01.16.2013 1

The hurricane relief bill disaster

Photo Credit: NASA

By Robert Romano — On Jan. 15, the House of Representatives easily passed legislation costing more than $50 billion legislation that would, in part, fund disaster relief for communities deeply affected by Hurricane Sandy.

The trouble is that the House had an opportunity to pay for the core $17 billion for disaster assistance — but took a pass.

An amendment offered by Rep. Mick Mulvaney (R-SC) would have paid for these core provisions with offsetting spending cuts to 1.6 percent of the discretionary budget. But 71 Republicans voted with Democrats to defeat that measure.

“This is truly a shame,” Americans for Limited Government President Bill Wilson responded. “After all the wrangling on sequestration about reducing the deficit, the moment Congress has a pork-laden bill they refuse to pay for it.”

He said those who refused to pay for the disaster assistance were “hiding behind those most hurt by Hurricane Sandy to facilitate a special interest agenda.”

A claim that is hard to contend with.

Heritage Action noted some of the more egregious pork in the bill: “repairs to the Smithsonian Institution to upgrades to National Oceanic and Atmospheric Administration airplanes to more funding for the federal government’s epic educational failure known as Head Start, among myriad other extraneous items.  The inclusion of $16 billion in wasteful community development funds is also concerning, especially because the Department of Housing and Urban Development estimated it would need a comparatively much smaller $5.2 billion for its ‘unmet needs.’”

Even worse is that more than 94 amendments that might have addressed all this waste were killed by the House Rules Committee, which is run by Republicans.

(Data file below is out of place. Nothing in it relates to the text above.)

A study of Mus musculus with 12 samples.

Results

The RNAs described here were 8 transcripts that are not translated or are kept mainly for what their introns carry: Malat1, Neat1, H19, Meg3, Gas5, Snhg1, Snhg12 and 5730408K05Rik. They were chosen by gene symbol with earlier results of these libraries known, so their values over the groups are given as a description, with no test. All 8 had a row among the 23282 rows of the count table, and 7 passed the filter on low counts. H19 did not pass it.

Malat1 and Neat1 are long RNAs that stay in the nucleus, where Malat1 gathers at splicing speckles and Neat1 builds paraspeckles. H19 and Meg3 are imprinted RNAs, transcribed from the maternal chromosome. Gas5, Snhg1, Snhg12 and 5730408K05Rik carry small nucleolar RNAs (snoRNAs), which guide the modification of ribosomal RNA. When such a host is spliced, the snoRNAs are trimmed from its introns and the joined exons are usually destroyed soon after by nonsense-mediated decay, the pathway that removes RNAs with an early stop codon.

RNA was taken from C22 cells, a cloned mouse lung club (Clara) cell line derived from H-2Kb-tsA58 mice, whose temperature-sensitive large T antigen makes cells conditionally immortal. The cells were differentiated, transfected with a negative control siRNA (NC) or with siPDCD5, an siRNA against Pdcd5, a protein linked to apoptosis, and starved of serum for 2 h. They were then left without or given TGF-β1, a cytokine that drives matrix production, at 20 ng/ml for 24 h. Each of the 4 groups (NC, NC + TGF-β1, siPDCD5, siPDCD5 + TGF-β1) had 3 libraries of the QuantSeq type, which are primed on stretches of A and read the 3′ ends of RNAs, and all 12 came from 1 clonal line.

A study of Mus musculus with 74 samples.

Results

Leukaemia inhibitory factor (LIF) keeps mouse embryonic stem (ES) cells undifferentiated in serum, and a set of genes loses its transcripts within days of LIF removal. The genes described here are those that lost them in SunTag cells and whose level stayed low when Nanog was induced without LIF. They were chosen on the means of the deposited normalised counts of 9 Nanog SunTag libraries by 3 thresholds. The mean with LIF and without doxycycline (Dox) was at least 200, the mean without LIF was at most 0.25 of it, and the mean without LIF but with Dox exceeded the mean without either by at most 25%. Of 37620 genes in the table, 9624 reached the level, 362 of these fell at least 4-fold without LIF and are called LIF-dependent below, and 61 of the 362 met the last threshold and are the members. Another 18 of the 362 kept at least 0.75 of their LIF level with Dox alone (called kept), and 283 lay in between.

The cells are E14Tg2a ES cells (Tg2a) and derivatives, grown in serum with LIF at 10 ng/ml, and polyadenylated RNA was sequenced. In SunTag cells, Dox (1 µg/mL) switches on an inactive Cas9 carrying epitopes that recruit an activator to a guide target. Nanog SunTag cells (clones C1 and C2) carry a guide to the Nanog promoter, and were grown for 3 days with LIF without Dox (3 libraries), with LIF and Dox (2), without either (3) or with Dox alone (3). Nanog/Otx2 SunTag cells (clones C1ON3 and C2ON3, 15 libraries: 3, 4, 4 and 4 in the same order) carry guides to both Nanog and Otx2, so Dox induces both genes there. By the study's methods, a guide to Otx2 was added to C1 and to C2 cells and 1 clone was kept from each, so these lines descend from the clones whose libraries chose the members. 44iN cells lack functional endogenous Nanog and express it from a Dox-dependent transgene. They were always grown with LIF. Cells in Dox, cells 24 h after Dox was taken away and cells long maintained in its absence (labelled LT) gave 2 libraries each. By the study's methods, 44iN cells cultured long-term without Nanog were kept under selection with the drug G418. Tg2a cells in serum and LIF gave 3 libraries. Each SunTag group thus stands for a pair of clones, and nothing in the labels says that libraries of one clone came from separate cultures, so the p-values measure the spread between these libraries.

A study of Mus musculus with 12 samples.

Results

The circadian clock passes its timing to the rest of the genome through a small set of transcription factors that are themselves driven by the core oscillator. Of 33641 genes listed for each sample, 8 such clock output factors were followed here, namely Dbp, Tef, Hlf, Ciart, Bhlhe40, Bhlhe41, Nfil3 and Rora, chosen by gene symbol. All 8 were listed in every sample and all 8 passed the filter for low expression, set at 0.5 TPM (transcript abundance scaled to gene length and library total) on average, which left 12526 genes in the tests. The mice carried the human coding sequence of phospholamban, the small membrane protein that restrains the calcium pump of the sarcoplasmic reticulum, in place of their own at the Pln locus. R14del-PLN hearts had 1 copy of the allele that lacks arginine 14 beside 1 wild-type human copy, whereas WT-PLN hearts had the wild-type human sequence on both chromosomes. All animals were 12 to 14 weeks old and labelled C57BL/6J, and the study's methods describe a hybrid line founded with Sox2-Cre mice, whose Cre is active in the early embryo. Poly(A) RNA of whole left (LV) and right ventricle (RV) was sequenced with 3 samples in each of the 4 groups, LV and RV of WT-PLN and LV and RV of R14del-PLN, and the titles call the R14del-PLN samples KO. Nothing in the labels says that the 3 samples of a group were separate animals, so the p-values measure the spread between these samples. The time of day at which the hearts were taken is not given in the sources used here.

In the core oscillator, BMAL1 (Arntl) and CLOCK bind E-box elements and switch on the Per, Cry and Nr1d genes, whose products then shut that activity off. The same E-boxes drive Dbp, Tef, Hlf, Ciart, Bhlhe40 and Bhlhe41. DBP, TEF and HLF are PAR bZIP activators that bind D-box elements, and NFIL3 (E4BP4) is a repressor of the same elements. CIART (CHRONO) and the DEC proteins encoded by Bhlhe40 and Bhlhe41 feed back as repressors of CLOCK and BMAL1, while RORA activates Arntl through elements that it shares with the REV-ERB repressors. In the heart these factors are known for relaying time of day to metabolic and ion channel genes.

Before the vote on the Mulvaney amendment, Wilson had expressed disappointment with that committee: “It is disheartening and sad to see the House Rules Committee block many amendments that would have trimmed billions of pork from the hurricane disaster relief bill that had nothing to do with Hurricane Sandy.”

Wilson wondered what this display might foretell for the future of sequestration and other spending cuts that have been promised to the American people.

After all, how can we expect Congress to ever cut spending when before Obama is even inaugurated for his second term, they are piling on the debt?

If this is a leading indicator of how Republicans might address the debt ceiling, perhaps the American people should not hold high expectations for any significant spending cuts or entitlement reforms.

“There is no excuse for hiding behind families whose lives were destroyed by this hurricane to pass yet another wasteful, special interest bill,” Wilson declared, concluding, “The process of using disaster relief to hand out favors to special interests is despicable and must be brought to an end. It is the sort of process the American people loathe and repudiated in 2010 when they brought House Republicans into the majority.”

Robert Romano is the Senior Editor of Americans for Limited Government.